KwaSizabantu mission denies cult allegations

The KwaSizabantu Mission, which is facing allegations of human rights abuse and money laundering, has strongly denied the accusations, saying it has never been a cult.
This comes after several major retailers cut ties with suppliers linked to the mission following allegations that some followers living at the mission had been abused, with some women claiming to have been raped while living there.
In a statement sent to stakeholders and the media on Wednesday, the KwaSizabantu Mission said it was shocked by the allegations.
“From the onset, we deny the allegations in the strongest possible way. They are incorrect, hurtful and damaging.
“Further to this, we are engaging with law enforcement agencies to bring to book those engaged in the vicious false allegations,” the mission said.
The mission, which is based in Kranskop, northern KwaZulu-Natal, owns the Ekhamanzi Springs which produces aQuellé bottled water and an agricultural business that supplies major retailers with vegetables.
On Tuesday, the troubles of the KwaSizabantu Mission took a turn for the worse when the country’s major food retailers Spar, Woolworths and Massmart, announced that they were suspending orders from suppliers linked to the mission.
'We didn’t come here to enrich ourselves but are here because we want to serve the Lord. We view whatever is happening as a test which the Lord is putting us through.'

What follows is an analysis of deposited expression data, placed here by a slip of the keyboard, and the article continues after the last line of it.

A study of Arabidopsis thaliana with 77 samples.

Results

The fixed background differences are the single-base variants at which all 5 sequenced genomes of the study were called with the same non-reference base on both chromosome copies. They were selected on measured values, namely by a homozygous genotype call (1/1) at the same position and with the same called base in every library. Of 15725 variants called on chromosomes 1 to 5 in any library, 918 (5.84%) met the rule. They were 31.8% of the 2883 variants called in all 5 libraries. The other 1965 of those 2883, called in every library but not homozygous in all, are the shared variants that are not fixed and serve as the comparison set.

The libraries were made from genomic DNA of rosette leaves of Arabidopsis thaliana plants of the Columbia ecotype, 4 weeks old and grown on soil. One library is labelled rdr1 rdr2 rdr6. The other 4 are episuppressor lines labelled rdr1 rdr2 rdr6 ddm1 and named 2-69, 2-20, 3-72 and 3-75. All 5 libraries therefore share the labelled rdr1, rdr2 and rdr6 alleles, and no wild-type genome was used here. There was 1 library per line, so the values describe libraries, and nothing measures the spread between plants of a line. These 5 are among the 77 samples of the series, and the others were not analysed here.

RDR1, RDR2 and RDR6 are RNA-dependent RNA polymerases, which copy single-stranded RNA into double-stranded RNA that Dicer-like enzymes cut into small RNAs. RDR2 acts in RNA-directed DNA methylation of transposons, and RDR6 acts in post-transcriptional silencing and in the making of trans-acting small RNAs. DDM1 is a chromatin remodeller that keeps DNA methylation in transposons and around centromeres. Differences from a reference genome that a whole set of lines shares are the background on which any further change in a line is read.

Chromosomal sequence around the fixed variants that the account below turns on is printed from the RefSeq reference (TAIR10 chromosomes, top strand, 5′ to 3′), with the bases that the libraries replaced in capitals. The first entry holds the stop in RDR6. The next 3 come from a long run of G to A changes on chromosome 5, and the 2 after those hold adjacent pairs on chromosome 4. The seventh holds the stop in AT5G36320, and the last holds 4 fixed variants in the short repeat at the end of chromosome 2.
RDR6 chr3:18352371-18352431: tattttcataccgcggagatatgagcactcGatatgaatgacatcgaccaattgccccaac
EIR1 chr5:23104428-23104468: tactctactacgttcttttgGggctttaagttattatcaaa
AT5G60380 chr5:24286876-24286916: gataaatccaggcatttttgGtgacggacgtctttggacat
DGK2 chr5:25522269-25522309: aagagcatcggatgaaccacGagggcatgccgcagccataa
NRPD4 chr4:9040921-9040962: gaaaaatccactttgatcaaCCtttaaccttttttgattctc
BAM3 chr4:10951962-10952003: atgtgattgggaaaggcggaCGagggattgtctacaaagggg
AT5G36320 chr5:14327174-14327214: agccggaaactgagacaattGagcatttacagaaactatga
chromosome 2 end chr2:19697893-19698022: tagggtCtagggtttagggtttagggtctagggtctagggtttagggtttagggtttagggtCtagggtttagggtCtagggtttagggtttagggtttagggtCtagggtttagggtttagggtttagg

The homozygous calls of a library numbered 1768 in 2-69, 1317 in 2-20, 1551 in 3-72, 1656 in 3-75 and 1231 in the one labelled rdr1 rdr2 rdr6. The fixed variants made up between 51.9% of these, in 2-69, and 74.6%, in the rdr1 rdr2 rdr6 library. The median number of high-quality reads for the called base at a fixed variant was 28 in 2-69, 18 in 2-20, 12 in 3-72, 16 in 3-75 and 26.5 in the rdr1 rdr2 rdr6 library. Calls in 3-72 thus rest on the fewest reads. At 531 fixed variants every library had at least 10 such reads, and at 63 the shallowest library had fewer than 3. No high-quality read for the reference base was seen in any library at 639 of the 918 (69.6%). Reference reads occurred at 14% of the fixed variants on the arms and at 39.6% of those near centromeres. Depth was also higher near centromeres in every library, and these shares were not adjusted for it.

KwaSizabantu
The response by KwaSizabantu Mission businesses’ customers has sparked fears that the companies might be forced to fold, a situation that could result in job losses and more economic woes for a province hard hit by Covid-19. While the mission’s troubles have a direct impact on high profile sporting events such as the Midmar Mile which is sponsored by aQuellé, local supermarkets affiliated to Spar, Woolworths and Massmart were unlikely to be directly affected.
“Issues around the sourcing of stock are handled by the franchisor, which has a wider network of suppliers in the province and the Midlands. It’s highly unlikely that the decision to suspend KwaSizabantu orders would result in stock shortages,” a franchisee in the Pietermaritzburg CBD said.
Despite the possible job losses as a result of the boycott, workers at KwaSizabantu businesses that employ hundreds of people said they were not spending sleepless nights over the matter.
“We didn’t come here to enrich ourselves but are here because we want to serve the Lord. We view whatever is happening as a test which the Lord is putting us through.
“As long as we are on the side of the Lord we will overcome whatever challenges are thrown at us,” an employee who has been working for Ekhamanzi Springs for seven years said.
A source familiar with the mission told The Witness that the success of the mission’s businesses was largely due to the fact that almost all the employees are the church’s followers. “Are extremely dedicated, honest and disciplined. If for any reason an employee is unable to give his or her best, they feel the pressure to go and talk to one of the church’s counsellors and confess that there is something blocking them from paying undivided attention to the Lord’s work,” the source said.
The Commission for the Promotion and Protection of the Rights of Cultural, Religious and Linguistic Communities (CRL Rights Commission) is currently probing the mission, while Police Minister Bheki Cele has announced that police were already looking into the allegations made against the church.
In a statement to customers and stakeholders, the mission also announced that it had instituted an independent probe into the allegations.